Is it Cenote Taj Mahal or Tajma Ha? Actually, it’s both. The original nickname for this wondrous cenote was “the Taj Mahal” amongst local cave divers. The name stuck until one day, an enterprising soul realised that “ha” in Mayan means “water” – thus this brilliant bit of wordplay was born and Cenote Tajma Ha got its new name! There’s a reason why it got its nickname in the first place though:
This is simply one of the most stunning places to go cenote diving in Puerto Aventuras and the surrounding area. If you go at the right time of year, the light display is truly amazing. But at any time of year, the limestone formations, the maze of tunnels and huge chambers of this linked series of caves are a wondrous sight – even if you’re an experienced cave diver. You’ll find rocks which glow when light reflects on them, fossils, a mesmerising halocline effect and much more during this challenging dive.
How to get to Cenote Taj Mahal
You’ll find Tajma Ha on Highway 307, which leads from Tulum to Playa del Carmen. The turning which leads to the cenote is situated about 5 km south of Puerto Aventuras.
Once you’ve spotted the turning, it’s a further trip of around 3 km down a dirt track. You’ll see a small dirt parking lot surrounded by jungle about ten minutes down the track. This is where the cenote entrance is.
Cenote Tajma Ha – diving
This cenote is really recommended for advanced divers. It might be possible to do the entrance portion of the cavern with some open water qualifications. But to penetrate into the tunnels you’ll need proper skills – particularly as the walls have quite a lot of rough and sharp edges you can catch yourself on. There’s not much in the way of an open water or entrance part of the cavern though, so you’ll find plenty of more immediately impressive-looking cenotes if all you want is a dip in the water. Beneath the surface, however, the Taj Mahal has some real secrets for you to explore.
1-4 people small group visits – every day Cave diving certification is required for cave diving
For private tours, please contact us, so we can provide an exclusive offer for you. Prices include:
Transportation to and from the meeting point
High-quality dive equipment rental: full dive gear set and torches
Free GoPro & video lights rental – upon request
Prices are fixed, regardless of the number of people in the group.
Diving in Tajma Ha Cenote with Ko’ox is a 1-tank dive and often lasts somewhere around 50 minutes. The water is usually around 23-26°C in terms of temperature and visibility is generally very good. Your Ko’ox dive master will need to see proof that you have the required buoyancy skills in order to dive here. Certification: you need to have advanced dive qualifications to dive here.
Viewed from the surface, you won’t have much to see at Taj Mahal Cenote. There’s only a small entrance area with no real space for swimming or snorkelling. When you dive though, you pass through several remarkable areas, each with their own one-of-a-kind natural beauty.
First, is a large airy cavern filled with bats which flit through the beams of light which penetrate through holes in the jungle floor above. In the summer months, these beams of light are incredibly vivid. You move on through a natural maze of tunnels lined with the occasional fossil and eye-opening speleothems.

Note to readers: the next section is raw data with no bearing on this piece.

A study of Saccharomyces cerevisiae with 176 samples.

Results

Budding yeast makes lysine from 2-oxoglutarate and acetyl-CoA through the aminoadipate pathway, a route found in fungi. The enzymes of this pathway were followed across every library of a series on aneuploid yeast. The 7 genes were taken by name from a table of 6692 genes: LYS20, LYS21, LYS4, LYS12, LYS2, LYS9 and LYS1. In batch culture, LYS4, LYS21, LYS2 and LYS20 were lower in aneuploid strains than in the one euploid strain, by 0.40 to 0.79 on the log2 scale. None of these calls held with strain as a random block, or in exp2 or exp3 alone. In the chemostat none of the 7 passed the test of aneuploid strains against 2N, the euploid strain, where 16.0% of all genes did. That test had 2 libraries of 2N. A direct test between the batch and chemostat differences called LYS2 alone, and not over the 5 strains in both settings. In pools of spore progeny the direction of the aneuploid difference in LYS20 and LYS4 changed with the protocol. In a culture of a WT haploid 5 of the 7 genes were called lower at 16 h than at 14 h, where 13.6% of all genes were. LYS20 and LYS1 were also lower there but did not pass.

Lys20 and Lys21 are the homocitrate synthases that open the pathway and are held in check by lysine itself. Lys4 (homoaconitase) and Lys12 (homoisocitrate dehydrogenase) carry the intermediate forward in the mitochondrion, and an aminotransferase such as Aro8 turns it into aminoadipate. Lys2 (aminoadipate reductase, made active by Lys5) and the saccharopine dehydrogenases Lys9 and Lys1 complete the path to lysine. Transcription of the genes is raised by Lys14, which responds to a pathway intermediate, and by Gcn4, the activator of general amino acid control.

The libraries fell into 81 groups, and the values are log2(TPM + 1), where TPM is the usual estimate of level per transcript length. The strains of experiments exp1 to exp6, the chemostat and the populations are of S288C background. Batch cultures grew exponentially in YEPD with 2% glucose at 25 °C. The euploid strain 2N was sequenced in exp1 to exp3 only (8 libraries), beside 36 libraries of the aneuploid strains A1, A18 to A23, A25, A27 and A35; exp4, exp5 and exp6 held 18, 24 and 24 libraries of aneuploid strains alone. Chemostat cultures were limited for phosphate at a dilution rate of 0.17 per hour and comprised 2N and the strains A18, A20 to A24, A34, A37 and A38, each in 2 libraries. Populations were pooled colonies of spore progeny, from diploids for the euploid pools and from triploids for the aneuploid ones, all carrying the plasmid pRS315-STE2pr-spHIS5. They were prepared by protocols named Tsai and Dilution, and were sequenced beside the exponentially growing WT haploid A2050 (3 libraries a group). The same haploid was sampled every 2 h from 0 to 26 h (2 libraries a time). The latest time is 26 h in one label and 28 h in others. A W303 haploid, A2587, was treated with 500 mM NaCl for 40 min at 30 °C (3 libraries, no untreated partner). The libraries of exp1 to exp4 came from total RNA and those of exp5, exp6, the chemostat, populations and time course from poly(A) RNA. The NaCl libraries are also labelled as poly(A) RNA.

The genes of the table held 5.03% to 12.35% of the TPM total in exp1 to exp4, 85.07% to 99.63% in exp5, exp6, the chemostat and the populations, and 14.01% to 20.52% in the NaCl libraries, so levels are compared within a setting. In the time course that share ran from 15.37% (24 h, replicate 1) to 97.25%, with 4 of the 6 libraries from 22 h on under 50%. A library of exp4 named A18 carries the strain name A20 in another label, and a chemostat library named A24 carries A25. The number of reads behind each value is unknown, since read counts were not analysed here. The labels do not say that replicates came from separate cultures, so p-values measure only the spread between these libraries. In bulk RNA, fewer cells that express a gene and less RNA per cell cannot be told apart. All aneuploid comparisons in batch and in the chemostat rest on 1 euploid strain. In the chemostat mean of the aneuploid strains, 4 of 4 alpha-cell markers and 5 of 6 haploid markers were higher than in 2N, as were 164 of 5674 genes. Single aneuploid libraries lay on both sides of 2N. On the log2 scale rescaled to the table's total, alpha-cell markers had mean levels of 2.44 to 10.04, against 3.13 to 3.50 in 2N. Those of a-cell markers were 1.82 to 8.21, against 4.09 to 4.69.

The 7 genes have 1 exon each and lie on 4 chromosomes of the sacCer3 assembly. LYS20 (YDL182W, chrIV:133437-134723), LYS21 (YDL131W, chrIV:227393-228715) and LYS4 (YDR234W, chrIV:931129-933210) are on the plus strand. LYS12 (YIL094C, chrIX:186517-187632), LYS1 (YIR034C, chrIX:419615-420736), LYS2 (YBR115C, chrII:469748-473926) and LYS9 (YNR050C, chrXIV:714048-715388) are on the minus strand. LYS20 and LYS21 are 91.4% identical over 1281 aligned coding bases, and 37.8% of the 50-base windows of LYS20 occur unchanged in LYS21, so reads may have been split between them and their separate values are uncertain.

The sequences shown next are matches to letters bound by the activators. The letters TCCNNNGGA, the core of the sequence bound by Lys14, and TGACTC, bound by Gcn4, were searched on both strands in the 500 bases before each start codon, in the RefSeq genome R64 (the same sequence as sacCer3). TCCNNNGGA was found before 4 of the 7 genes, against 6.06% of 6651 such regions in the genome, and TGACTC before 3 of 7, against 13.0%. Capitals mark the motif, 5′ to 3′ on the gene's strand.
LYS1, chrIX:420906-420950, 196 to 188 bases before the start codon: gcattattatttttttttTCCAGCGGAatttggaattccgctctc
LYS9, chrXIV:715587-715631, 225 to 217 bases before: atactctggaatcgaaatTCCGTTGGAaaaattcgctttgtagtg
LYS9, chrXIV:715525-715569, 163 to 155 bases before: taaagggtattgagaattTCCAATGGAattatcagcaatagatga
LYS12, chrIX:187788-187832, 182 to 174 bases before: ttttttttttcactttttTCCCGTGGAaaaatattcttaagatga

The next area is often called the “Sugar Bowl” – another cave where the light show from above will make you look twice and make you wish that you’d brought your camera. This part of the cave system might be home to the Motmot bird – it looks like a multi-coloured tropical bird with turquoise head feathers and a rather unique-looking tail – which was considered sacred by the ancient Mayans.
There’s also the halocline layer – where saltwater and freshwater meet – which, in Tajma Ha, happens in a tunnel, creating a very bizarre effect indeed! The so-called “Chinese Garden” is likewise reachable if you get far enough.
At the surface level, diving in Tajma Ha doesn’t have much to offer. It’s only when you get down deeper that this amazing cavern reveals its wonders.
The light effects
Come during the summer months – between March and September – to get the full effect of cenote Taj Mahal’s light shows. Most people refer them to as being like natural lasers. But whatever they look like to you, this is an effect which is present at many cenotes – yet it’s rarely as obvious and as beautiful as it is at Tajma Ha.
The bottom of the cenote
At the bottom of this cenote, you’ll find a great many stalagmites, stalactites and other rock formations which the cavern was named for – along with the fossilised remains of ancient creatures. Some of these rock formations have collapsed to line the cave floor, creating a unique effect when viewed from above.
Dive deep into Tajma Ha and you’ll find a subterranean web of passageways and bigger caverns to investigate. Those fossilised remains and rock formations – as well as the unusually thick halocline layer which you’ll find here – present opportunities for even seasoned cave divers to see something they haven’t yet come across.
Q. How deep is the cenote?
A. This cenote is 12 meters or 40 feet deep at its bottom. Q. What time of day is best to dive the cenote?
A. Any time during daylight is good in order to get the full effect of the light show. It’s the time of year which is really important at Tajma Ha. Q. Is the cenote freshwater or saltwater?
A. It contains both freshwater and saltwater which meet at the halocline layer. Q. Can I bring a camera into the cenote?
A. Definitely. The lighting effects, rock formations and various other stunning sights which Taj Mahal Cenote has to offer will leave you crying out for one otherwise!